Overcoming the Stress of Overwhelm: How and Why to Brain Dump


I've been MIA over the last weeks. Not because I've been lying on a banana lounge with a cocktail and a good book but because I'm juggling ONE MILLION projects, and try as I might I cannot keep up.

If you have a high need for achievement (N-Ach in psychology-speak) you will be familiar with the push to set yourself big goals, to start new projects, to take on challenging roles and to want to control all of the things. Then one day you find yourself standing in your kitchen unable to eat because you've forgotten how. That's me right now.

Want to know the difference between perfectionism and high need for achievement? Read this.

The challenge when you're in high N-Ach overwhelm - any overwhelm - is knowing how to be less overwhelmed. Because you can't think straight. Because you've fried your brain. Overwhelm.

Overcoming the Stress of Overwhelm. How and Why to Brain Dump. Potential Psychology.

Thankfully I have a lovely business coach who reminds me to make a coffee, hide in my spare room with a notebook and pen and 'brain dump'.  

I need the reminder because although I know brain dumping works I have fried my brain and can't think clearly enough to eat. This is the power of a coach.  She can see clearly and prod you the right direction when your ability to navigate daily life has deserted you.

So I'm off to do as she says. I will dump the many, muddled ideas, thoughts, plans, priorities, worries and obligations out of my head and on to paper. This will clear enough brain space for eating, and more. It will reduce the overwhelm.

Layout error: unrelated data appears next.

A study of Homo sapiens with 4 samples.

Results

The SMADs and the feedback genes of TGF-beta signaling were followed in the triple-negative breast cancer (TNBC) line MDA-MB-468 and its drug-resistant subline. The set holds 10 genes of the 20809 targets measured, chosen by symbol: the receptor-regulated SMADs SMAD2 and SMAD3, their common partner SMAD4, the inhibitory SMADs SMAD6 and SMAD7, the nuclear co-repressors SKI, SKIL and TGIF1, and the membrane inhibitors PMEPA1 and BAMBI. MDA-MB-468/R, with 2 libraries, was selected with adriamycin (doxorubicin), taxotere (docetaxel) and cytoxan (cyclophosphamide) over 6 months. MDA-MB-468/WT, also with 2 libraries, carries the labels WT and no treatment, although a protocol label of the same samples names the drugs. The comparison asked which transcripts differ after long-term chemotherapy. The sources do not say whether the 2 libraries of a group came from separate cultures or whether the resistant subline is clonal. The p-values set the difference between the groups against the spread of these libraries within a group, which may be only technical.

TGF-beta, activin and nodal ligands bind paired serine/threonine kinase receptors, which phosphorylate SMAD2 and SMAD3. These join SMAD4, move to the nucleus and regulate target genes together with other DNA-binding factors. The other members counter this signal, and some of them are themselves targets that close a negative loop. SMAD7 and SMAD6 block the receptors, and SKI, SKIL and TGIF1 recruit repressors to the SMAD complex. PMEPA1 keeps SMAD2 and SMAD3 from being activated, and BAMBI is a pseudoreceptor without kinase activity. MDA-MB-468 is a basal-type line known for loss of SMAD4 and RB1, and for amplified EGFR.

Before I go I will tell you why brain dumping works.

1. Your brain gets tired and less productive when it's trying to remember everything you need to do.  Mental lists require brain power that physical lists do not.  Dump it out and make space for more important stuff like problem solving and new ideas.

2. Once the data is visible on the page you can organise it.  If your head is spinning with a long and chaotic mental list there is no way it can calmly assess each item, prioritise and then take action.  Those thoughts will just keep swimming around in there, bumping into one another and increasing your blood pressure. Write the list, read it, assess it, prioritise, make sublists, take action, relax.

3. When you write things down you offload emotion along with thoughts and ideas. The stress that comes with too many competing priorities ebbs away as your head empties and your action plan becomes clearer. It makes you feel better as well as think better.

Do you brain dump regularly? Who reminds you to get back to basics when you're freaking out? And how many things are on your list?